Saturday, January 21, 2017

REVIEW: Big Windup! (anime TV series)

I’ve already reviewed Big Windup! twice, but I figured a third time wouldn’t hurt.

Anyway, I’ve watched this twice in the past month. The first time was intended to be a refresher before watching Big Windup! 2, while the second time was a bit of presidential inauguration self-care.

This first season of Big Windup! introduces viewers to the Nishiura High School baseball team. The team barely has enough members, and they’re all freshmen. Mihashi, in particular, stands out. He says he doesn’t want to be on the team, but it’s obvious he desperately wants to be a pitcher. He pitched all throughout middle school, and his experience on that team was so bad that it emotionally scarred him. He’s now convinced that he’s a terrible pitcher and that no one could possibly want him on a team. However, Abe, the catcher, recognizes his determination and skill and wants him to stay on the team.

The first half of the season shows the whole team training and learning to work together, after which they play against Mihoshi, the team Mihashi would have been on if he hadn’t purposely transferred to another high school. In the second half of the season, Nishiura plays against Tousei, the winner of last year’s National Koshien Tournament.

I rewatched the entire series during my end-of-2016 rewatch and was surprised at how many details I had forgotten: Tajima’s habit of loudly announcing how often he was able to masturbate, much to everyone’s discomfort and horror (oh Tajima, dude, stop); how much of those early episodes featured mental training, such as meditation; and all kinds of details about how the various games went. Although I’d seen the series before, the games against Mihoshi and Tousei still had me at the edge of my seat. I remembered how the one against Mihoshi ended up, but I couldn’t recall if Nishiura had won against Tousei or not.

During my next rewatch, I skipped all of the mental training stuff and went straight to the things in the show that I loved most: Mihashi becoming part of the team, Abe trying to bond with Mihashi, and every moment of the games against Mihoshi and Tousei.

Abe was a bit of a jerk to Mihashi at the beginning of the series - he planned to use Mihashi like a puppet in order to get the results he wanted, and Mihashi was too timid and easily manipulated to resist. Thankfully Coach Momoe put a stop to that pretty quickly, but the damage had already been done: Mihashi had no intention of ever going against Abe, even on the rare occasion when his instincts said he should. I don’t think I noticed how much of a problem this was, or how potentially damaging it could be, when I first saw the series - it was Yuri on Ice that got me to thinking about it. At any rate, this season doesn’t really delve into any of those issues, but I can now say that Big Windup! 2 does. But more on that when I review that DVD set.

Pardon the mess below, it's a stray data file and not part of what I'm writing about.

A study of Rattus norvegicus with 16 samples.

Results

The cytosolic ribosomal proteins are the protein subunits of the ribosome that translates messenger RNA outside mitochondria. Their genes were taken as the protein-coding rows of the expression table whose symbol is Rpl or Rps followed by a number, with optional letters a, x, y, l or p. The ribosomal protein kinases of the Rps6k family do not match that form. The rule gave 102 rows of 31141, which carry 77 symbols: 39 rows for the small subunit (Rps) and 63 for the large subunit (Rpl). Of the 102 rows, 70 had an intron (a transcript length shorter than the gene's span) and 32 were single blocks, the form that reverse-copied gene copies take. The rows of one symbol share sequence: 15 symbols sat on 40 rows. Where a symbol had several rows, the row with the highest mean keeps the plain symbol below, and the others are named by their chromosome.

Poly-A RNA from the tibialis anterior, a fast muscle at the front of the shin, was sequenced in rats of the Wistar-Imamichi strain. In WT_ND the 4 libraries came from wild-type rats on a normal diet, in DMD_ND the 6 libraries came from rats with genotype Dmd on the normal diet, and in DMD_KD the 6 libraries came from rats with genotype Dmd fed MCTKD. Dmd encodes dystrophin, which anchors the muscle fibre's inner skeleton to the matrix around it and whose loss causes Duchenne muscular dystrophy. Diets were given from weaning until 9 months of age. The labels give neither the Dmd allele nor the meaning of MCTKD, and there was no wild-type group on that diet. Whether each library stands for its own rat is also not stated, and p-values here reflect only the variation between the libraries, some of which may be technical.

While I loved watching the games (the first point scored against Tousei was just as hilarious and exciting the third time around as it was the first), my absolute favorite thing about this series remains the relationships between the various pitchers and catchers. The big one was Abe and Mihashi, of course. In this first season, Abe learned to genuinely care about Mihashi, even though he couldn’t always understand him or properly communicate with him. He respected Mihashi’s dedication to pitching and wanted Mihashi to enjoy playing baseball and being on Nishiura’s team. The next season went even deeper but, again, more on that when I get around to reviewing it.

Kanou (Mihoshi’s pitcher) and Hatake (Mihoshi’s catcher) had their own issues to work out - with more experience, they’d probably have worked really well together, but they weren’t quite there yet. Also, their differing opinions about Mihashi’s pitching put a bit of wedge between them. I loved Tousei’s battery. Kawai (the catcher) was usually pretty steady but not always sure about how to handle Junta (the pitcher - Junta is his given name, so calling him Takase would be more consistent, but “Junta” is how I think of him). Junta tended to be quiet to the point of seeming withdrawn, so Kawai had to guess how he was feeling and how to bolster his mood. It wasn’t until a bit later in the game that he started to relax and really pitch his best.

I like to think of Junta and Kawai’s relationship as a glimpse at what Mihashi and Abe’s relationship might be like in the future. The characters had some similarities, but unlike Mihashi and Abe, Junta and Kawai’s communication efforts went both ways - Kawai would notice that something was off with Junta’s mood and try to help, and vice versa. Abe would do that with Mihashi, but all Mihashi ever did was look for signs that Abe was mad at him or feel stunned excitement when Abe praised him.

Other characters I enjoyed: Tajima and Sakaeguchi. Both of them took special care to watch out for Mihashi, something that became even more obvious in the next season (again, more on that when I review that DVD set). Tajima was the confident and relaxed big brother who cheerfully translated for Mihashi when Mihashi was too stiff and awkward to communicate clearly, and Sakaeguchi watched Mihashi carefully and tried to smooth things over between him and Abe whenever necessary.

All in all, I highly recommend this series, and this season in particular. I sincerely wish that there were English-language editions of the manga that I could buy, or that the anime had a third season.